Three of them, actually And, of course, in the finest traditions of Open Source, it was a (very!) collaborative effort.
Back in July, only a week or two after I’d given notice at Google, the Open Source Programs Office there published a Call for Proposals for a Doc Camp to be held in association with the Google Summer of Code program. I applied, with very little real idea of what was involved. We’d write a book in a week. Freely licensed, on some aspect of Open Source… stuff.
I misread the application form, and thought that proposals would be selected by August 5th. So, when I hadn’t heard anything by the second week of August, I assumed I was out. Not so! A week or two later, I got an email to say I’d been accepted! Google organised the hotel for me, and I booked my travel (train down from Portland, a whole new adventure, and flights back up). I knew that four projects had been accepted, and that there’d be a handful of individual contributors, but not a whole lot else.
I arrived in Mountain View on Sunday night, and met up with some of the other contributors. It was a quiet night, with an early start the next morning. Monday was spent in an unconference’y format, although we explicitly didn’t take notes during our sessions (preferring to focus on the moment than to document for posterity), and there was more structure than a typical unconference (including two pre-scheduled presentations, and some planned exercises to get us ready to create our masterpieces!) The “free agents” rotated among the various teams, and I spent some time working with the Sahana and OpenStreetMap contributors.
Tuesday morning started bright and early, with a meeting to assign the free agents to teams that they would stick with for the day. I’d been wanting to give OpenMRS some love for quite a while, and was very grateful to Anne Gentle, who let me swap with her in order to do that!
The first hour of work was focused on creating a table of contents. We based ours heavily on that of the CiviCRM book created over (several) previous Book Sprints, and were pretty much finished within the hour. Some of the other teams had a harder time, but like many of the deadlines over the course of the week, this one was set more to focus us than to limit our collaboration.
Once we had a table of contents, we split the chapters up based on interest and knowledge, and started writing. I was a bit terrified at first, knowing essentially nothing about the product, but I started out with the “Installation” chapter, and with only a small amount of TIAS, managed to build a reasonably coherent narrative. The rest of the people in the room were all heads-down in their own writing, and I am deeply indebted to the folk in the IRC channel for their help and reviews!
The book sprint took three days, and I’ll freely admit that my recollection of exactly what happened when is hazy at best. We were doing 13+hr days at Google, plus extra work in the evenings when we got back to the hotel. Everything was, of course, catered for us, and mealtimes were a welcome break but we were always keen to get just a bit more work done! It was intense, and exhausting, and exhilarating.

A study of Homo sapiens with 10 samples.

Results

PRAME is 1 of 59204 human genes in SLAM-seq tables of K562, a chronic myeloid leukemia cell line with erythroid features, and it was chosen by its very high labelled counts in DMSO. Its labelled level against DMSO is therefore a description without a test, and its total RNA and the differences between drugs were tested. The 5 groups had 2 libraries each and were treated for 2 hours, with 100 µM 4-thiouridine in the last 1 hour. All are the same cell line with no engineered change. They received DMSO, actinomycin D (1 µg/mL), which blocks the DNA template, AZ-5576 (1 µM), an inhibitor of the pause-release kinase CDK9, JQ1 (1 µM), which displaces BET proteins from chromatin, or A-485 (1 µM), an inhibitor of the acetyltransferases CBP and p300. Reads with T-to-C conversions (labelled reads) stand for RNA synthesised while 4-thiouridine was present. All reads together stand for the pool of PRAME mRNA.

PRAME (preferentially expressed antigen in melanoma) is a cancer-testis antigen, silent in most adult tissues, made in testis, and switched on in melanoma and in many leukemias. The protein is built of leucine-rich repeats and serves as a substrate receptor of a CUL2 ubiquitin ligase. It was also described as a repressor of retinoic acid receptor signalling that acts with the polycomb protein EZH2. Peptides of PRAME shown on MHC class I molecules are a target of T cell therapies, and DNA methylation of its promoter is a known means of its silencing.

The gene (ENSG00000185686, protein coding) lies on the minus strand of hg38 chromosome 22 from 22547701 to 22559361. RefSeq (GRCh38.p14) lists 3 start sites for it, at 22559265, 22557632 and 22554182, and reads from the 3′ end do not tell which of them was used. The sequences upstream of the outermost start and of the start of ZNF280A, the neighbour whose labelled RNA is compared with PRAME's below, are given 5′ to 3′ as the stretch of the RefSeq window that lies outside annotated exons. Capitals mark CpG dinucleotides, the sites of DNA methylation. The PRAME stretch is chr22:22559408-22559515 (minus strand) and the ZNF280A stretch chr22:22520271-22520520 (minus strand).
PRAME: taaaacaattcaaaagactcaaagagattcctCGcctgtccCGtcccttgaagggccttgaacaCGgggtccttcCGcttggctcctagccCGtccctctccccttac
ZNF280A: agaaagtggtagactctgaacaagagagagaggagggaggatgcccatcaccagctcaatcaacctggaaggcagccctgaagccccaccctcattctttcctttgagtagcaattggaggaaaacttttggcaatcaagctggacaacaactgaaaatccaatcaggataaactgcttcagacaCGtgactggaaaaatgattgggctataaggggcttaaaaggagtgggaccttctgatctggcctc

But by Thursday night, each group had written a book. I had worked with three teams (OpenMRS, OpenStreetMap, and KDE), both writing and editing. Every single chapter of each of those three books, I’d done at least one editing pass over.
Friday was a short day for the Doc Sprint, but I’d gotten talking to the OpenStreetMap crowd about helping out during the Grace Hopper Celebration, so I joined some of them on a trip up to San Francisco. We had a fabulous time visiting Langton Labs, and catching the opening of an exhibition at The Intersection (Here Be Dragons–get to it if you can!), but by the time we got back to Mountain View, the Mentor Summit had clearly descended That was, of course, a fabulous event in its own right, but one of the highlights was definitely getting the printed & bound copies of the books we’d worked on.
I’m exhausted, as I said, but also inspired. The Doc Sprint is clearly a well thought-out and thoroughly refined process (even if it feels very experimental as a first-timer!), and I’m incredibly proud of what we produced. It would be a respectable outcome from several weeks of work, and we managed it in barely three days. I’m looking forward to talking to other communities about the idea, and already hoping that Google will run it again next year–I know I could pull a team together to write a book about The Apache Way, and based on the requests we already get for resources on the topic, I’m confident it would be well-read!
All in all, the Doc Sprint was an amazing event. Huge thanks go to all involved: Google’s OSPO, the project teams, Adam Hyde of FLOSSmanuals and Gunner of Aspiration Tech, as well as all the other facilitators and free agents.